An international team, led by geneticist Jonathan Sebat, Ph.D., of Cold Spring Harbor Laboratory, has discovered a mutation on human chromosome 16 that is a potent risk factor.

"This type of genetic variation is called copy number variation," Sebat explains. "It means that instead of having differences in sequence, you have a deletion or a duplication of a whole gene or genomic region. It's not a mutation; it's extra copies of a gene. So the dosage of the gene changes, rather than the sequence."

Specifically, Sebat and his team found that a duplication in copy number variation predisposes someone to schizophrenia and bipolar disorder - and a decrease in CNV is associated with autism.

"Basically, the implication is that the same gene is associated with multiple disorders," say Sebat. "The ways they're disrupted determines how they influence the long-term psychiatric outcome."

He cautions, "This is a slight oversimplification. There is fuzziness there. Duplication is also associated with autism. No matter how you mutate this region, you could get a child with autism or developmental delay. Any mutation in this region can result in a child with a developmental delay."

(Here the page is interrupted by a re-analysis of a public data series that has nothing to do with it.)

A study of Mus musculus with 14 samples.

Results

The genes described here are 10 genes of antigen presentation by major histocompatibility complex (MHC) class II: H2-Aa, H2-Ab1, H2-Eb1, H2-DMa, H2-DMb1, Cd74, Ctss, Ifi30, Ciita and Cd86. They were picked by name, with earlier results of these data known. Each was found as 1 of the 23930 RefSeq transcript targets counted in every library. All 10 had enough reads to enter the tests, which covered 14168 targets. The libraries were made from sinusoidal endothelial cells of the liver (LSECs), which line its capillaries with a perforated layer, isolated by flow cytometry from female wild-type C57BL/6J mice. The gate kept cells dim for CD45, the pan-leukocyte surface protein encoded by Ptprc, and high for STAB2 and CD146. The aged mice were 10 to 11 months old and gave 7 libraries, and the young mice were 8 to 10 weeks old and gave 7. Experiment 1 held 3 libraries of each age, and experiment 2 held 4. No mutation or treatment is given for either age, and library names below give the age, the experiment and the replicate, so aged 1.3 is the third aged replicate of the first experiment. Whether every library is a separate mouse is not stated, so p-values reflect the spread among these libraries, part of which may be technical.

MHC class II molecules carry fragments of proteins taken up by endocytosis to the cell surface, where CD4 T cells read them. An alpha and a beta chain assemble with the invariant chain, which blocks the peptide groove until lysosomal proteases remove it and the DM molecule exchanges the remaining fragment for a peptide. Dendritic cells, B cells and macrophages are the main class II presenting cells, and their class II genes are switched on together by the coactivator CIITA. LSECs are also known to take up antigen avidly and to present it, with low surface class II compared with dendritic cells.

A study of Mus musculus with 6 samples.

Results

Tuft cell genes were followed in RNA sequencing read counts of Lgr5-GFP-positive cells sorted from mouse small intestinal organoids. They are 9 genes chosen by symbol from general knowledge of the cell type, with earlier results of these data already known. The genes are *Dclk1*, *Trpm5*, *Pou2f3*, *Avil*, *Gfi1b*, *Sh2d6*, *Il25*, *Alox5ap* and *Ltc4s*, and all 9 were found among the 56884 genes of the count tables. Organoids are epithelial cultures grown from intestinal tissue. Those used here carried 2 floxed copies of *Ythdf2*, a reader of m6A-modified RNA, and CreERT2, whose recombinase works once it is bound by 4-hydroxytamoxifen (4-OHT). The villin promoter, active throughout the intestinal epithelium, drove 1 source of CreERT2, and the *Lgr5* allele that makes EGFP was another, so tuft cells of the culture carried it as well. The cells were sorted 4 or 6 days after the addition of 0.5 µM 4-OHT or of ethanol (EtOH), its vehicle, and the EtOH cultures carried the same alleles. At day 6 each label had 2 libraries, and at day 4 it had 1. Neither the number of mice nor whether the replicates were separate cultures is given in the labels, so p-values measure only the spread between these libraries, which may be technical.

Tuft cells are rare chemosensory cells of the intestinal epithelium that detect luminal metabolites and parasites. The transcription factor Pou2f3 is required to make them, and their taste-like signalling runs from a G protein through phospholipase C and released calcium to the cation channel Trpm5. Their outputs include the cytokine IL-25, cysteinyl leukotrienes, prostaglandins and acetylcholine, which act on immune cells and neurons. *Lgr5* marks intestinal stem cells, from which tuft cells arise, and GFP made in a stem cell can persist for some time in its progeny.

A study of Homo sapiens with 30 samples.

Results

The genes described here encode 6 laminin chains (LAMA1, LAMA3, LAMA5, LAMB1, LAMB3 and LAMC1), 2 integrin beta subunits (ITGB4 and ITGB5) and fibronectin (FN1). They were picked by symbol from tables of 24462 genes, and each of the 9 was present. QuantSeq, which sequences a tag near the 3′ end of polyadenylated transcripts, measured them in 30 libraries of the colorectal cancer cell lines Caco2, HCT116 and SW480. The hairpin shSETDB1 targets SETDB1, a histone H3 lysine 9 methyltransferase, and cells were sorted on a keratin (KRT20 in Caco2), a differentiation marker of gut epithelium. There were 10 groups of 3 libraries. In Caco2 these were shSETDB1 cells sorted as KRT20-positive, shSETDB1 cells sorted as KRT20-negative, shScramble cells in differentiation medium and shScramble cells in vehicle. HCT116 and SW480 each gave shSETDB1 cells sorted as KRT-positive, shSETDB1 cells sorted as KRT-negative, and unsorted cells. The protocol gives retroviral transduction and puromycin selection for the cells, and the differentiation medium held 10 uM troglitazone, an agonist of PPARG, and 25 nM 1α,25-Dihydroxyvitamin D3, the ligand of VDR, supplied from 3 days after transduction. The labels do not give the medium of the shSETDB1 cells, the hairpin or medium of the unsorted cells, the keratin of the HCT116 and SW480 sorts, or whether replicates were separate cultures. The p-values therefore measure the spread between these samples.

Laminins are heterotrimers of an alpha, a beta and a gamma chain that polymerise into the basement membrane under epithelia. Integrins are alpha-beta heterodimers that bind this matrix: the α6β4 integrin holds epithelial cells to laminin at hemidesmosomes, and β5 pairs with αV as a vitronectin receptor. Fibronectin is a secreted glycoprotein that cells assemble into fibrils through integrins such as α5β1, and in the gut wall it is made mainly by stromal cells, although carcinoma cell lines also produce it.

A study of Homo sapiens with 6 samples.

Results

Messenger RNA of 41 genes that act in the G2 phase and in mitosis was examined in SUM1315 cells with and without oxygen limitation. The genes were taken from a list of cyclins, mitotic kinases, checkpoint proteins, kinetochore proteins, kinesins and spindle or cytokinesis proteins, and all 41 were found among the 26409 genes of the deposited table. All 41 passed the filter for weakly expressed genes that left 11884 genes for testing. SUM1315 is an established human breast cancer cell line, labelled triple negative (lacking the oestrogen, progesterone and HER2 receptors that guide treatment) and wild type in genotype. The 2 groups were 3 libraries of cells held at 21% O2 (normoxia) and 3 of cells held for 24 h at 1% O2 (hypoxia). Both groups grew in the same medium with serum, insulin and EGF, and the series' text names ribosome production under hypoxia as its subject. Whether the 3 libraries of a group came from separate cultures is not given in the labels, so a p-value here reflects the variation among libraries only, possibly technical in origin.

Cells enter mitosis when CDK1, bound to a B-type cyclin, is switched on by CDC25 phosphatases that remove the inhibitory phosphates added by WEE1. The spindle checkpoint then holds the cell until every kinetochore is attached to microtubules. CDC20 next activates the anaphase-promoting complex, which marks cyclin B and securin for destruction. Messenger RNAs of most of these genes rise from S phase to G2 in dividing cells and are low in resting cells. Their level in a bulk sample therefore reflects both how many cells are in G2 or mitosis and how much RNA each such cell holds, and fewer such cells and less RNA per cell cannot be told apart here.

Others involved in the research include Deborah L. Levy of the Psychology Research Laboratory at McLean Hospital in Belmont, Massachusetts, and the Department of Psychiatry at Harvard Medical School in Boston, who was awarded a NARSAD Independent Investigator grant. The results of this study were published on the Nature Genetics website on October 25, 2009, prior to coming out in the journal.

Applying a New Approach

In their research, the team pioneered a new approach, using a technique called microarray analysis. "We used a gene chip to scan the genome," Sebat explains, "looking for sections that were increased or decreased in copy number. Early on, it became clear that this was an excellent tool for cataloguing the mutations found in anyone's genome.